CHeriScape integrates different scientific disciplines, leading to innovative partnerships
Interview with Dr Bas Pedroli (Wageningen UR – Alterra)
Bas Pedroli is one of the partners in “Cultural Heritage in Landscape” (CHeriScape), a landscape-focussed international network funded as part of the transnational pilot call of the European Joint Programming Initiative on Cultural Heritage. In total, 10 projects received funding for international networking activities, bringing together scientists from 13 European countries.
“Traditionally, cultural heritage looks mainly at conservation and preservation. In recent years, more attention is given to the environmental and societal context of the features to be ‘cherished’. The project CHeriScape integrates tangible and intangible heritage values, combining physical geography with humanities and social sciences. It is a way of looking that helps us to understand our place in the world, and one which transcends disciplinary boundaries.”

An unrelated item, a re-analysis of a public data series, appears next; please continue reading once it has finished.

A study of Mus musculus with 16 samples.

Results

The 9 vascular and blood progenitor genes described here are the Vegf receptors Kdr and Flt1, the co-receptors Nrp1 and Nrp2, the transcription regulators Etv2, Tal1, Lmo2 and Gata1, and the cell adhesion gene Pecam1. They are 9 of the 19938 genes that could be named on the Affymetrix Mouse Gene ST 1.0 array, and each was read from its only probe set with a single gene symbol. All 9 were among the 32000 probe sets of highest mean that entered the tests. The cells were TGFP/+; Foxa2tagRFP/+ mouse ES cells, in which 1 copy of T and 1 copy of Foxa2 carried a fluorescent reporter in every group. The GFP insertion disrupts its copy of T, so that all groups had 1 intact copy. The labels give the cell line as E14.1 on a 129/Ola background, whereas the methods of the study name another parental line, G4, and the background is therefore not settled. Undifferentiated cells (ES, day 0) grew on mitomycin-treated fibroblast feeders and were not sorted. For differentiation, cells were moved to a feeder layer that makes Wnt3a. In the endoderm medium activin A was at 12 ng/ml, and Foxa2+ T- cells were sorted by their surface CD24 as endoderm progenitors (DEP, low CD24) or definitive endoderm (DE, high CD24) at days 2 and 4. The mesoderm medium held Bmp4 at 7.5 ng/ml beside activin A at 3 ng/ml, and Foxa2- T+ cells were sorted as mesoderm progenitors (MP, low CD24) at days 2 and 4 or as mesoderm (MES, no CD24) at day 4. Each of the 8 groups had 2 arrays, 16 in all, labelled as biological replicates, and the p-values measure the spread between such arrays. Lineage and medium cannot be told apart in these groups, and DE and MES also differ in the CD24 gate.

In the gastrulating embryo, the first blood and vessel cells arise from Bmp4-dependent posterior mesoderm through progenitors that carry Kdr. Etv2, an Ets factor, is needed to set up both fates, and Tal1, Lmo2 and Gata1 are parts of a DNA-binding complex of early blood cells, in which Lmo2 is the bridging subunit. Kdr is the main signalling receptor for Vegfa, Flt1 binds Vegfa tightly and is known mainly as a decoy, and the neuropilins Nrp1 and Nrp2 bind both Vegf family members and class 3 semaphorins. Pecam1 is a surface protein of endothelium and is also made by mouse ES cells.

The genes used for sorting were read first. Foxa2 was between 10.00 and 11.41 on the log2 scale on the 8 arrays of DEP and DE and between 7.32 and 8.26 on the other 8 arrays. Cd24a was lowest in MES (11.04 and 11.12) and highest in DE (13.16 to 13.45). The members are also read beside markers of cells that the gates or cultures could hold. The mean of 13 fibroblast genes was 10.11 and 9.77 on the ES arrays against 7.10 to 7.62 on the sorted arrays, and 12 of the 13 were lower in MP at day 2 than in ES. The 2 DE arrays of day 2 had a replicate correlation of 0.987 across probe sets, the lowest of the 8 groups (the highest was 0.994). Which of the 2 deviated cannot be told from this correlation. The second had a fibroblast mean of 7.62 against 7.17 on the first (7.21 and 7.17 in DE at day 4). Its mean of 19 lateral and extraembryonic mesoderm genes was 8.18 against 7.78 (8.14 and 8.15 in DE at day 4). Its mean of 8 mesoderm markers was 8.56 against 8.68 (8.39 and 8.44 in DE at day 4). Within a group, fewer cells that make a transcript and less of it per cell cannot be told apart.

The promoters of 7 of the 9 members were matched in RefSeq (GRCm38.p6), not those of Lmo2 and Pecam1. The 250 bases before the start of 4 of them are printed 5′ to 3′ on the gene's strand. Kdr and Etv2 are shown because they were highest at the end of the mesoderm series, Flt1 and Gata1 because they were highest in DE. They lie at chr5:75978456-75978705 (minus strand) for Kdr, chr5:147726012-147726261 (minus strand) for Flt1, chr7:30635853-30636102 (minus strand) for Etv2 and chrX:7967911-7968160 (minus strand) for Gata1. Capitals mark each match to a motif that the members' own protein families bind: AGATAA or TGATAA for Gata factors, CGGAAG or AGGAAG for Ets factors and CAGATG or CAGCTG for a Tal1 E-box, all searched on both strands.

At the heart of the CHeriScape initiative is an integrated series of five conferences across various countries in three years’ time, each to explore a different aspect of the importance of ‘landscape as heritage’ to society.
“The workshops are very interactive in nature, with open spaces or ‘world cafe’s’ as settings in which active debate and interaction takes place. This method has proven to work well. When you ask someone about their personal relationship with the landscape, it normally yields highly spontaneous responses. People recount how they used to enjoy the surroundings in which they grew up, and how the landscape that was so dear to them has changed. It has (subconsciously) formed their identity.”